Sucralose is an artificial sweetener developed by Tate & Lyle that is 600 times as sweet as sugar.
It is a modified form of ordinary sugar (sucrose) and contains no calories. Although the name Sucralose ends in -ose, it is not a basic sugar like glucose or sucrose, so the name is rather misleading, and this was perhaps by choice. It is usually sold as Splenda.
It has a good flavor with little aftertaste. However, like most zero calorie sweeteners, it has a rather empty taste, and is quite different from ordinary sugar in this regard. It does not break down under heat and so is suitable for cooking and in processed foods. It has recently become the number one artificial sweetener in the USA.
It has zero calories per serving and zero glycemic index. This makes it suitable as part of a diabetic diet. Also it is harmless to teeth. However products such as Splenda contain sugar bulking agents, such as Maltodextrin which is a high glycemic carbohydrate. Splenda is not really suitable for diabetics. One packet (1gm) contains 3.3 calories and is as sweet as 16 calories (one teaspoon) of sugar. So Splenda contains 20% the calories of Sugar, and approx 30% of the glycemic load. This is well worth considering as, for example, a cup full could be well required in certain recipes.
Like Aspartame, people have been reporting side effects. While not as severe, the list is nevertheless worrying and includes rashes, cramping, dizziness and bloating. Critics do warn against this product, but mainly it seems, because they are inherently suspicious of anything artificial. (Just because something is natural it doesn't follow that it is safe, and visa versa!!) Some people have no problem at all while others, a small proportion, report strong side effects.
It was, together with Neotame, the only artificial sweetener to be endorsed by the consumer group Center for Science in the Public Interest. But in June 2013 the CSPI downgraded it from safe to caution citing concerns regarding recent testing. Details here. They also cited tests carried out in 2008 which indicated that Sucralose had an adverse impact on the beneficial bacteria in the gut.
This has been reinforced by a clinical trial published Sept 2014.
The study, carried out by two scientists in Israel has shown a link between the consumption of artificial sweeteners and metabolic problems. It was carried out on humans and mice and revealed altered intestinal bacteria and compromised glucose metabolism after relatively short trial periods.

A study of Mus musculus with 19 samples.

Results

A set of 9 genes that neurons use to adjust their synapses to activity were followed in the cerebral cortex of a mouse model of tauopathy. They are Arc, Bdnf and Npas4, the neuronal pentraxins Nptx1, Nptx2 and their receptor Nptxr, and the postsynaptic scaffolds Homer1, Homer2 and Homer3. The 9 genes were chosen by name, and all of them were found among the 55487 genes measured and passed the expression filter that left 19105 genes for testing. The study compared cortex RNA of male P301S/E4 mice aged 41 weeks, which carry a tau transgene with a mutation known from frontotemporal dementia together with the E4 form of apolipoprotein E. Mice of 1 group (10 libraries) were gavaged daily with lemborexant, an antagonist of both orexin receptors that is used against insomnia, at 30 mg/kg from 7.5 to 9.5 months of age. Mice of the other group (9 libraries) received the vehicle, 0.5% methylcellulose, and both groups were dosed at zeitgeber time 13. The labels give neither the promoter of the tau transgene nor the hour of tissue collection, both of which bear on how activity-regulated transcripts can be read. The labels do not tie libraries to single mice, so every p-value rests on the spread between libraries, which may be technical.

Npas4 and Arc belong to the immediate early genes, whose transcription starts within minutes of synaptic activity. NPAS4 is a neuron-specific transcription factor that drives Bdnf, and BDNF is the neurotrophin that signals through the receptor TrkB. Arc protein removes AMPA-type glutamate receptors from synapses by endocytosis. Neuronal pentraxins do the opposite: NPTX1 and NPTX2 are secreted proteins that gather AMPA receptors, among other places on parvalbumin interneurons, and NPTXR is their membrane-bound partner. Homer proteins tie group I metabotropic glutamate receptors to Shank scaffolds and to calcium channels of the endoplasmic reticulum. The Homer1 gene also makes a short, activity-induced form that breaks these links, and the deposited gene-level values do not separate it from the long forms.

Also be aware of the extra sugars such as maltodextrin sometimes added as bulking agents to the products sold on the consumer market.
Natural Health Sherpa has put together a good video on the side effects of this sweetener.
The FDA has set a guideline Acceptable Daily Intake of 5 mg of the substance per Kg of body weight. For the average person this would be about 36 cans of soda sweetened with it - an amount which is unlikely to be exceeded!
CSPI (US) Recommendation
The recommendation issued by the Center for Science in the Public Interest (US) for this substance is - AVOID
It is a modified form of Sucrose, produced in a chemical process. Despite the name sucralose (Ending in -ose like glucose or fructose) is not a sugar, and is not a natural product. Tate & Lyle have a large manufacturing plant in Alabama. However firms in China are producing quantities using older technology which has a more severe environmental impact.
It is sold by Tate & Lyle as Splenda, which has bulking agents, usually maltodextrin. Although sucralose contains no calories, a cup of Splenda contains 96 calories because of the bulking agents added. Also sold as Nevella which contains probiotics. It is usually in the little Yellow Packets next to the sugar bowl. Other generic forms are available as Tate & Lyle no longer hold patents on early forms of production.
On the commodity market it is one of the more costly artificial sweeteners, being about twice as expensive as aspartame. Nevertheless it is cheap in comparison to sugar costing about 15% the price for the same unit of sweetness.
Sucralose Market Share:
In 2012 it sold approx 1.7 million tonnes equivalent out of a total world market of approx 188 million tonnes. (Sugar was about 155 million tonnes) This would give it just less than 1% of the total market by unit of sweetness. By value it would be significantly less.
It was discovered in 1976 by accident by two scientists working on a new insecticide. One of them asked the other to test the new substance just produced in the lab. The other, whose English was poor, thought he had been asked to taste it! He did so, and lived to report the sweet flavor. Sucralose is not an insecticide, it is a chemically modified form of ordinary sugar. Chlorine molecules are inserted into the sucrose molecule to alter its properties.
It's status was downgraded on 8th Feb 2016 by the Center for Science in the Public Interest from 'Caution' to 'Avoid'.
Approved for use in the USA in 1998. Approved in the EU in 2004 as E955.
Somewhat better than Aspartame but side effects are being reported. Contains chlorine which is toxic. About 15% is absorbed by the body so it could be a cause for concern. It is harmless to teeth and zero glycemic. But Splenda is not as it contains Maltodextrin which has a very high glycemic index (105) and so is not suitable for diabetics. People seem to develop a liking for this sweetener, and in some cases consume large quantities on a daily basis. Not necessarily a good idea!